Genre bender: Pentax 645z

Genre bender: Pentax 645z

An affordable medium format camera, that behaves like a big DLSR.

Affordable is a matter of perspective of course. You can buy three Canon 5d3 bodies for the cost of the Pentax. But until the Pentax came along, there was no half way house, functionally or financially, between the 35mm formats and the majesty of the twenty-grand-plus Hasselblads or Phase One cameras. And the limitations of the medium format cameras are well known. Designed for use in controlled circumstances, the autofocus isn’t as versatile or sensitive as the humble Canons and Nikons, and the image quality rapidly becomes hopeless in all but the best lighting conditions.

So an medium format camera with all the qualities of a DLSR is a tempting proposition – huge, detailed files with subtle tones, and the responsive controls and versatility for field use too.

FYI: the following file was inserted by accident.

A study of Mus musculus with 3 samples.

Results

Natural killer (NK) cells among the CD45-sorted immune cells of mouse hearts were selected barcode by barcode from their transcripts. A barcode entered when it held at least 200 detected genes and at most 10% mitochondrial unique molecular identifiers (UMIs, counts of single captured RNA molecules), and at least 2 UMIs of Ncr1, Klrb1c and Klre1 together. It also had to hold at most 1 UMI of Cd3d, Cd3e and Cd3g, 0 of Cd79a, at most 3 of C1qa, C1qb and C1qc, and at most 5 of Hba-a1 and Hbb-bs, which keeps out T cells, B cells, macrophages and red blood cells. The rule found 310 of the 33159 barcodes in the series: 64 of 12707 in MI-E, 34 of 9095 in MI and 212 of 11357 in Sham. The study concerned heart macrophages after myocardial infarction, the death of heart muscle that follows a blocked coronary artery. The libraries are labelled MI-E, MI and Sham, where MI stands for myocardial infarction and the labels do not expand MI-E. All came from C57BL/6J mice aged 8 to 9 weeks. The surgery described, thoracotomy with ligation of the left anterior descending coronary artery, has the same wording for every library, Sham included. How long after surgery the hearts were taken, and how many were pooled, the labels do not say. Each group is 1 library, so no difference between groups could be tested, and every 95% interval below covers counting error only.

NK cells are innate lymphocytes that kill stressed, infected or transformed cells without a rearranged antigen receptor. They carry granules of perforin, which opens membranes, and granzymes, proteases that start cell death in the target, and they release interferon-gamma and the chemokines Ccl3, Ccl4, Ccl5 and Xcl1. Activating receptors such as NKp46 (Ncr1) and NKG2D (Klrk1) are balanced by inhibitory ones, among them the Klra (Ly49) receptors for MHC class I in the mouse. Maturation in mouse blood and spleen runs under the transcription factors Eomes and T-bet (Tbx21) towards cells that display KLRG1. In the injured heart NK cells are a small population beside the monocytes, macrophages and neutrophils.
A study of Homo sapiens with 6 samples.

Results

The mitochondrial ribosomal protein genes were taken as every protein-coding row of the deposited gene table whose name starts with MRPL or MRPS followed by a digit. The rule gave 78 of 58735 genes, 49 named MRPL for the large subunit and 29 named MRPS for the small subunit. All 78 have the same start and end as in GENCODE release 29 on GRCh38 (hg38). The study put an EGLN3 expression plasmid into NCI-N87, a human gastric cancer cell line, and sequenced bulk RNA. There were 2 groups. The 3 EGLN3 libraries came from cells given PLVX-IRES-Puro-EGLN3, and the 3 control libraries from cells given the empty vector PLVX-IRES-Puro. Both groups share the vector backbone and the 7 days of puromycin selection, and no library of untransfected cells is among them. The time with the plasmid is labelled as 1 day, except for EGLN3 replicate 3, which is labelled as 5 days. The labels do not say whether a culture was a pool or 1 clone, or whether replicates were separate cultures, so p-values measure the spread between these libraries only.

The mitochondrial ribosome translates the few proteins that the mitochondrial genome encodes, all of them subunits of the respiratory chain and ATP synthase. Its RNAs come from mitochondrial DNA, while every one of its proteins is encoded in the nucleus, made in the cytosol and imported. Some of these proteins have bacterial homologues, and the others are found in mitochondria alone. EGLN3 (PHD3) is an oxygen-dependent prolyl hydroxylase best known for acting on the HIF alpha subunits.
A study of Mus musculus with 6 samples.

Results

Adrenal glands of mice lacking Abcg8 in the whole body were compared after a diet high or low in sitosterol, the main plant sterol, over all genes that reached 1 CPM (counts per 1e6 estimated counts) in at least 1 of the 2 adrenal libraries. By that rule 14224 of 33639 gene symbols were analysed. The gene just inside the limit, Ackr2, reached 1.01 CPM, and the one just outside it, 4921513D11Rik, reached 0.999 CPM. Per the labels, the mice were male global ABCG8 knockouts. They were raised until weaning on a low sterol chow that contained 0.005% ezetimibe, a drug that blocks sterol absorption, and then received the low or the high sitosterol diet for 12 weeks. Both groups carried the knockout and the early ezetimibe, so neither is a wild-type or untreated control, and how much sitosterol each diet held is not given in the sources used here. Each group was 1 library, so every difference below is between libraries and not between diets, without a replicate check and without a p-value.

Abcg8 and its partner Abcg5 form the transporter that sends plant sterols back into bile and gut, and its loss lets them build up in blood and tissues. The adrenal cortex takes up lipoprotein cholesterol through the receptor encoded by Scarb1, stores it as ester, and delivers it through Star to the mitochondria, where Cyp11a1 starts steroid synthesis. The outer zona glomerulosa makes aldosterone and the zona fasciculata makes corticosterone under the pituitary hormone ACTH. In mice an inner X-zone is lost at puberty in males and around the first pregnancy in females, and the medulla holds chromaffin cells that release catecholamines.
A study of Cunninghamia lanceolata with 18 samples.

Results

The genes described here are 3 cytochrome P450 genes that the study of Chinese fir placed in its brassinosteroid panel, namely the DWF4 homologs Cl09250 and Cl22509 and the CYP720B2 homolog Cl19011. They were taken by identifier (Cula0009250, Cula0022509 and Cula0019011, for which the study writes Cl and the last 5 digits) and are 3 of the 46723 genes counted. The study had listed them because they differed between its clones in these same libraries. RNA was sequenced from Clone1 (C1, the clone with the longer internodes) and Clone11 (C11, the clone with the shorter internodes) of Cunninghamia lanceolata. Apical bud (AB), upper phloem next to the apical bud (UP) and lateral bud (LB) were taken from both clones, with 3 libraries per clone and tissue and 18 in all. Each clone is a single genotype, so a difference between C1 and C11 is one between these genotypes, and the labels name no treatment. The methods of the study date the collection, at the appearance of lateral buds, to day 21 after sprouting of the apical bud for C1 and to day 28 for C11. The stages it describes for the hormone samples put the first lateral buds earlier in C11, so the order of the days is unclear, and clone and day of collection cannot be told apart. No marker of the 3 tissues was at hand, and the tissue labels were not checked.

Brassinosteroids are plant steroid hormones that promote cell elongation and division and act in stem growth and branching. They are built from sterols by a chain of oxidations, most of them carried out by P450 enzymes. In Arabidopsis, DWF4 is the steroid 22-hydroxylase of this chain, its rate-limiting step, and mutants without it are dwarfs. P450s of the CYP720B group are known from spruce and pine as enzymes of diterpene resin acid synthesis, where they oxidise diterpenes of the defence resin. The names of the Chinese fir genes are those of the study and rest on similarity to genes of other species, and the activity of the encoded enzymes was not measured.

Literally the first thing I did after buying it was take it to a dark, dangerous hot place. A foundry based in Manchester. A place that would test its capacity for focusing in low light, performance at high ISOs, and the dynamic range to capture a bright river of molten metal without losing all detail in the shadows around.

So who really needs the 51.4 megapixel Pentax? Many of my clients don’t, that’s for sure. 23mp on my 5d3 is resolution enough for most briefs. But then there’s the matter of how it is for the photographer. A career that requires you to continually grow creatively means you have to switch perspectives once in a while, and though the EOS range is brilliant, for me there’s long been a sense of just knowing how the world looks through it. I can rediscover all that now.